My wife and I visited the tranquil island of Bali, Indonesia, back in 2009 for a two-week stay.
During that time, we relaxed in beautiful hotels, hiked volcanoes, went scuba diving, ate delicious Indonesian food, explored countless rice terraces and took advantage of all the other sights, sounds, smells and activities Bali has to offer.
While there is always more to see and do, here are 5 great recommendations for your next visit.
Ubud is the cultural center of Bali, Indonesia, and the number one destination for tourists. Packed with guesthouses, family homes, hotels, restaurants, temples, spas, shops and Western comforts, it’s a great place to spend a few days … or to call home.
Looking around, one sees scores of locals dressed in traditional Balinese clothing, seemingly on their way to a religious ceremony. Doorsteps and narrow streets are adorned with little hand-woven baskets, which are filled with flowers, candies and offerings to their Gods.
While most visitors fall in love with Ubud, it’s worth noting that many are also turned off by the city’s commercialism. As I wrote in my travelogue about Indonesia after first visiting,
“The reality of Ubud is that it is a fabricated reality run by locals to get every penny they can out of tourists. That said, traditional Indonesia no longer exists on Bali — as it used to — and Ubud really is one of the last places that at least FEELS authentic. Sure it’s guilty of rampant commercialism, but so are dozens of other towns we’ve visited in our travels … and despite the negative start to this post, I actually had a very nice time there.”
Mount Batur (Gunung Batur) is an active volcano and one of Bali’s most popular treks. Since its last eruption in 2000, dozens of tourist agencies, hotels and guesthouses have sprung up in the towns below, each offering a wide variety of hikes and excursions. Most visitors opt for the sunrise trek, arising at 3:00am and walking for more than two hours to reach the top.
It’s easy to find accommodation and a tour once you arrive in the town of Toya Bungkah. You also can book your hotel in advance using Traveloka.com. Either way, be sure to check out the hot springs after your hike … and cross your fingers for good weather the morning of your hike. There’s nothing worse than reaching the top to find rain and fog instead of a sunrise, which is exactly what happened to me.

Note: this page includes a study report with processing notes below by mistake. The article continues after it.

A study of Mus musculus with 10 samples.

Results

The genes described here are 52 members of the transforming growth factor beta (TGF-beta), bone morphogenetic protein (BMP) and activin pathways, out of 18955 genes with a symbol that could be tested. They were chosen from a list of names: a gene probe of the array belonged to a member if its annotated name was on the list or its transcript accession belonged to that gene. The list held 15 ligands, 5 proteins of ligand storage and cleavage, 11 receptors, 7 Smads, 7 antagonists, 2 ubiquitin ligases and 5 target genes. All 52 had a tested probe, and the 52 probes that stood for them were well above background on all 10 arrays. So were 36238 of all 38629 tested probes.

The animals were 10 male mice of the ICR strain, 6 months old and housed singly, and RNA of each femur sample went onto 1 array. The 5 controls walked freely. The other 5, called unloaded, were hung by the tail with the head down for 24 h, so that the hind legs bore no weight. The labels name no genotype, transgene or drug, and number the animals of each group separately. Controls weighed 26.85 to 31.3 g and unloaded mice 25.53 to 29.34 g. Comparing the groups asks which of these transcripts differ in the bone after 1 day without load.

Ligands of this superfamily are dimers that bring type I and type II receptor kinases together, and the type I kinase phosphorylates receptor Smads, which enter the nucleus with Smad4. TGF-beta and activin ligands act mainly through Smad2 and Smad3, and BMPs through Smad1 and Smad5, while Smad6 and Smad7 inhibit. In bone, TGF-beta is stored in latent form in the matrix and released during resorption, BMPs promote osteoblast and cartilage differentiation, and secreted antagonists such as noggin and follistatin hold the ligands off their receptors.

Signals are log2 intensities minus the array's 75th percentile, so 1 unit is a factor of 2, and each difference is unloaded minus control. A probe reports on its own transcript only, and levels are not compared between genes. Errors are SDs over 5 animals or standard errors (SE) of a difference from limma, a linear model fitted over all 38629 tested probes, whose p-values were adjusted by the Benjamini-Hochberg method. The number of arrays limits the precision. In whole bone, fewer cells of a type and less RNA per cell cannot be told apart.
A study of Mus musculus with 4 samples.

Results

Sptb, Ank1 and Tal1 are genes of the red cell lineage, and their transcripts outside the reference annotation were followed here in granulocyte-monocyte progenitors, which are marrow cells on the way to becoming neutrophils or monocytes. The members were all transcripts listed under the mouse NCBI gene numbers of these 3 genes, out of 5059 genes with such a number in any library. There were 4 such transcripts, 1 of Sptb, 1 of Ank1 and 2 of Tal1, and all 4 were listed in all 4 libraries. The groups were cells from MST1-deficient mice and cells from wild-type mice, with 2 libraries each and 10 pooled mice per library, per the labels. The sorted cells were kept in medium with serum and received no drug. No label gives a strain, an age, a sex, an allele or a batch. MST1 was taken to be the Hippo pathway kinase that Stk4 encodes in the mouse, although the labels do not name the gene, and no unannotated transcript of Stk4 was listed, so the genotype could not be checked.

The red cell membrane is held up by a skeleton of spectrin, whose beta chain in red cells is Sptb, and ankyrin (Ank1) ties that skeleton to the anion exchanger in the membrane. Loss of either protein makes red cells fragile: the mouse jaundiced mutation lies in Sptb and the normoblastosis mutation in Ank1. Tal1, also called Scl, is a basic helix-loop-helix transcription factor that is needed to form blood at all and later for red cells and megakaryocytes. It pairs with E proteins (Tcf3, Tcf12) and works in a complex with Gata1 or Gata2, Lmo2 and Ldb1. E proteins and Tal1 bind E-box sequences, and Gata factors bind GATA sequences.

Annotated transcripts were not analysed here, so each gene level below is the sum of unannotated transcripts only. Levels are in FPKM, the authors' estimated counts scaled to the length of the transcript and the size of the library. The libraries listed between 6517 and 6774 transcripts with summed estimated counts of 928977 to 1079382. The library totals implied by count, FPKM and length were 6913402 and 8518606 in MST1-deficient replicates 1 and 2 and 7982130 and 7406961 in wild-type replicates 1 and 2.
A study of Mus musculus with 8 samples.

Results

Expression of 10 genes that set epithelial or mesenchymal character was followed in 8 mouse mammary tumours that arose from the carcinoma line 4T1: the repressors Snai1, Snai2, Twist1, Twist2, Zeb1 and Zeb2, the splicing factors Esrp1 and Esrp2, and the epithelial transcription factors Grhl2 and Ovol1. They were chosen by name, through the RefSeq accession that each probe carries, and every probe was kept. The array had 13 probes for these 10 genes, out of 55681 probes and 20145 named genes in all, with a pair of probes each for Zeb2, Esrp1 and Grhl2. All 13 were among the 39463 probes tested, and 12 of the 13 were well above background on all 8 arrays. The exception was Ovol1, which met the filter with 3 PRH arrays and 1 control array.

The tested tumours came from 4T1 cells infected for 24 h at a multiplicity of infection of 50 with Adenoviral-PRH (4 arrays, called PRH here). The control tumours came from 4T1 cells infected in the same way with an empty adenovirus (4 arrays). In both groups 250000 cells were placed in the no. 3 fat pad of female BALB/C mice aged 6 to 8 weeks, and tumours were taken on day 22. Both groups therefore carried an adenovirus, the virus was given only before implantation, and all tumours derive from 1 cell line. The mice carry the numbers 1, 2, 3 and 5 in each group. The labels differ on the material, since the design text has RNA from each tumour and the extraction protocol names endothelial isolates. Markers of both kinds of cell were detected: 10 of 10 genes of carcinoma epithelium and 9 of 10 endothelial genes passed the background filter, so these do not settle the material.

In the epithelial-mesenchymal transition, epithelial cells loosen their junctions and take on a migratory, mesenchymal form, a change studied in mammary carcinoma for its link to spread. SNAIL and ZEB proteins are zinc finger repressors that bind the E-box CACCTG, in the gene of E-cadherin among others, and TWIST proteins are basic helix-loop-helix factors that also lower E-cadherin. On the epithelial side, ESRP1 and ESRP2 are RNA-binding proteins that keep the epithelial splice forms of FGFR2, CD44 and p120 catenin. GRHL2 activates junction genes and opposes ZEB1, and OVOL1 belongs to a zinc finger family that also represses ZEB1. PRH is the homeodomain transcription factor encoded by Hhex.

Tanah Lot is Bali’s most famous temple, and a popular destination for pilgrims and tourists alike.
Located inside a rock formation just off the Balinese coast, the temple can be reached by foot during low tide. Like most travel destinations, it is best visited at sunrise, before the crowds arrive. You can find many hotels nearby on Traveloka, which will help you get there early enough to enjoy a relaxing environment for travel photography.
If you like scuba diving, snorkeling or just relaxing in the ocean, Lovina is must-visit.
Located on Bali’s northern coast, this tranquil town provides the perfect gateway to the Menjangan Island and the Bali Barat National Park. It’s also home to the wreck of the USS Liberty in Tulumben, which sunk off the coast during World War II.
“For two dives we swam around and through the massive wreck of the ship, playing with corals and clams, taking our time and really observing everything around us. Highlights included a giant barracuda that was just hovering a few feet above us and a few massive schools of fish that, for some unknown reason, were forming a giant cyclone shape by circling around in the water. Amazing.”
Full disclosure: I didn’t like Kuta at all. It’s the party capital of Bali, and full of drunk teenagers on holiday or spring break. The streets are lined with aggressive shopkeepers, people offering massages and taxi drivers.
That said, Kuta is also home to the Waterbom Water Park, which is one of my favorite places in the world.According to TripAdvisor, Waterbom is the #1 waterpark in all of Asia. With dozens of slides, tubes and other water activities, it’s certainly worth a visit.